The American Civil War (1861-1865) brought the end of slavery in the United States of America. For the plantation owners of the South this meant that during the years after the war they were faced with a predicament. Even if a family owned an impressive parcel of land, they couldn't farm it by themselves; they needed labor. The Southern economy was in such shambles that in many cases they couldn't even afford to buy seed and farm implements, much less to pay hired hands. At the same time, most of the blacks who'd been shackled to the land before the Civil War were still there, living in the old slave quarters or in shacks they'd built themselves, trying to raise enough food to keep from starving, getting by from one day to the next.
A bargain was struck. The white landowners, through mortgaging their property or through credit connections, scraped together enough cash to provide seed, implements, provisions, and basic shelter for the blacks that were willing to stay on and work. In return, the blacks planted and harvested the crops, under the supervision of a handful of salaried white overseers on the larger plantations and under the watchful eye of the owner himself if the farm was smaller. It was up to the plantation owners to sell each year's cotton harvest, compute each black family's fair share of the proceeds, deduct the market value of the food, clothing, and other necessities that had been provided to that family, and pay them the difference in cash. In theory, the system was fair enough, but in practice it was heavily weighted against the blacks. The price of cotton on the open market fluctuated wildly. At the end of a good year, a large, hardworking black family might expect to see some cash, perhaps enough to buy new clothes arid even an automobile. At the end of a bad year, and most years seemed bad to some degree, the blacks wound up in debt. Their debts were duly entered in the record books the planters kept for each black family and carried over into the following year. Families that stayed on the same plantation year after year found that they sank deeper into debt regardless of how hard they worked.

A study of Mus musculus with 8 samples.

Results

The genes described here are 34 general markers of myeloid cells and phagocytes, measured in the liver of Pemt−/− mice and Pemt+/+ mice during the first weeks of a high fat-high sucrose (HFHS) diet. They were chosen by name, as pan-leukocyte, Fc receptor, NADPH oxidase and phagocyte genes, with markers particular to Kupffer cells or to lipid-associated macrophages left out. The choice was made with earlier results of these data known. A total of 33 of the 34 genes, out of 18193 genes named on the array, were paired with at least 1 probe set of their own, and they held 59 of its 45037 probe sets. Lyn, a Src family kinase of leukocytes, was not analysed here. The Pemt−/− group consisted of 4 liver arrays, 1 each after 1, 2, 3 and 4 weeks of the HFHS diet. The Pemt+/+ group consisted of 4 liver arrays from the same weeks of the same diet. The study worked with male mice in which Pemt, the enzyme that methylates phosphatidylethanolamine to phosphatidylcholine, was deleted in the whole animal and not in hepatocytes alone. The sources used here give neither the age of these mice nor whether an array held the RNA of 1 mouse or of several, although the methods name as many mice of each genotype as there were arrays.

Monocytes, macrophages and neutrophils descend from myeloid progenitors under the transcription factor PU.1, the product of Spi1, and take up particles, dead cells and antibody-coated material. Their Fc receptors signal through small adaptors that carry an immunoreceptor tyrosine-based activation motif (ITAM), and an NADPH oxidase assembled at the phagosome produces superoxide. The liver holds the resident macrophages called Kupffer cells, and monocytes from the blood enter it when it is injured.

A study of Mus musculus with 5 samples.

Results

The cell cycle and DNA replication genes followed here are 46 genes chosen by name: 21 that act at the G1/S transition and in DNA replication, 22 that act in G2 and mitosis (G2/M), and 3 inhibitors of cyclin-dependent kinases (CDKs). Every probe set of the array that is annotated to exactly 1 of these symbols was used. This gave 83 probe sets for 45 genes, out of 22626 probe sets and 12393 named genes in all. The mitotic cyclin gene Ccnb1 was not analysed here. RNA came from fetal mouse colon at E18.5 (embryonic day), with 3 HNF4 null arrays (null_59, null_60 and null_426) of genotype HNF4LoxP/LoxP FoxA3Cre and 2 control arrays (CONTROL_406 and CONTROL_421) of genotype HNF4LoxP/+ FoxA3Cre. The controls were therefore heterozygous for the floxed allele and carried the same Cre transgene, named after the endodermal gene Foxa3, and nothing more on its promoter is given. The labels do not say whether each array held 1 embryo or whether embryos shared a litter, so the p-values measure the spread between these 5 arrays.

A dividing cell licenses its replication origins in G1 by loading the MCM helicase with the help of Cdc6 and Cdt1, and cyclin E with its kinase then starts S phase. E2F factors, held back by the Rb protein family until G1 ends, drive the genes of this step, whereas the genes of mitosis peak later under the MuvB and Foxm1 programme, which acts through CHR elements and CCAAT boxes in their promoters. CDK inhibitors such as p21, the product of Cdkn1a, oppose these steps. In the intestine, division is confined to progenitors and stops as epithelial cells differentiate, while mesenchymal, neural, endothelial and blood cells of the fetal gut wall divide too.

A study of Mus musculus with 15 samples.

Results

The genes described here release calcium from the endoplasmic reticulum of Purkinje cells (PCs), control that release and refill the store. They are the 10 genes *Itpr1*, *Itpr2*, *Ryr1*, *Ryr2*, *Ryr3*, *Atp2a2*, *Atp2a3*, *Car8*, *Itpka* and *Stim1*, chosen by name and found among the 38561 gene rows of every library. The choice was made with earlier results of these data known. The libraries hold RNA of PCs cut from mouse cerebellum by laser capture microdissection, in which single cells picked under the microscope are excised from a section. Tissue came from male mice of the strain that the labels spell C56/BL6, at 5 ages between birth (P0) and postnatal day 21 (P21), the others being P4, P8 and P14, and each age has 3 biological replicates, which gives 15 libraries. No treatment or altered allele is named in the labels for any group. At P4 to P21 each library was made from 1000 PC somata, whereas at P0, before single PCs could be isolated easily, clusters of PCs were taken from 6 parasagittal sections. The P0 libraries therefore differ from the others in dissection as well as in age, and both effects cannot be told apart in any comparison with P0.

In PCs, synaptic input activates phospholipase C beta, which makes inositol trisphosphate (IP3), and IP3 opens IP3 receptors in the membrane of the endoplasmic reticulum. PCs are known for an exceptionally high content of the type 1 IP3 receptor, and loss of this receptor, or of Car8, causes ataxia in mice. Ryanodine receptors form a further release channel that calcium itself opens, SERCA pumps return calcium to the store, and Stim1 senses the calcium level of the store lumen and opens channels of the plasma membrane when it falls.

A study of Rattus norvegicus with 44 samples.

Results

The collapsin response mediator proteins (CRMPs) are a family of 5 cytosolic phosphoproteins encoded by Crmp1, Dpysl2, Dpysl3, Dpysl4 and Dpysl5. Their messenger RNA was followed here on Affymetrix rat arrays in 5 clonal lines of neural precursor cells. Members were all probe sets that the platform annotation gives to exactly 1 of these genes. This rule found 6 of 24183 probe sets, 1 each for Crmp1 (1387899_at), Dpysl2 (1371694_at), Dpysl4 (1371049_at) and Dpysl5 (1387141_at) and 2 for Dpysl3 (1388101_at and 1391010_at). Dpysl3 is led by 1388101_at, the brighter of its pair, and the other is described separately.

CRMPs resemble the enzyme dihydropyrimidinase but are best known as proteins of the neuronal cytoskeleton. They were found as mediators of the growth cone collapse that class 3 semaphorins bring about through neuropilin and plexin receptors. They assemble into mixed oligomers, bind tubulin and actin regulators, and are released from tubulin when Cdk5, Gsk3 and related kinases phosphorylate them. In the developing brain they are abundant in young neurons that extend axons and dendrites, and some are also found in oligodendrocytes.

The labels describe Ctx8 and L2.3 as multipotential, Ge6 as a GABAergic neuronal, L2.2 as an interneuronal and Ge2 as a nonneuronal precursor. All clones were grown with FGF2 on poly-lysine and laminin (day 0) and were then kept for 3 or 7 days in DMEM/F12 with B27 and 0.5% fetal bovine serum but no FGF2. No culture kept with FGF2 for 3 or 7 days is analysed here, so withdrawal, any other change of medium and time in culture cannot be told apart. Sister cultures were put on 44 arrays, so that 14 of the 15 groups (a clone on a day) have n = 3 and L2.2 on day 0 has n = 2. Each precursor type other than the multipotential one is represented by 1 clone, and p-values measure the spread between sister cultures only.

This was the sharecropping system. It was shaped by mutual
dependency in the years immediately following the Civil War, but it
rapidly developed into a kind of modern-day feudalism. The larger
plantations printed their own paper money and minted their own coins
and advanced these to their tenant farmers against the next year's
crop rather than giving them real cash. Plantation money was as good
as the real thing at plantation stores, which sometimes charged
exorbitant prices for necessities. Usually the stuff was accepted as
legal tender in the closest town, but it wasn't much good in the next
county or in a large city, and it tended to keep blacks tied to the
plantation. Other abuses were possible. Planters could shortchange
their sharecroppers when totaling up the cotton harvest, or quote
them a price lower than the cotton's actual market value. After a
time, an informal system of checks and balances developed. Blacks who
were heavily indebted or thought they were being treated unfairly
simply packed up in the dead of night and hit the road; planters who
were particularly exploitative or whose overseers were cruel often
found themselves critically shorthanded at harvest time.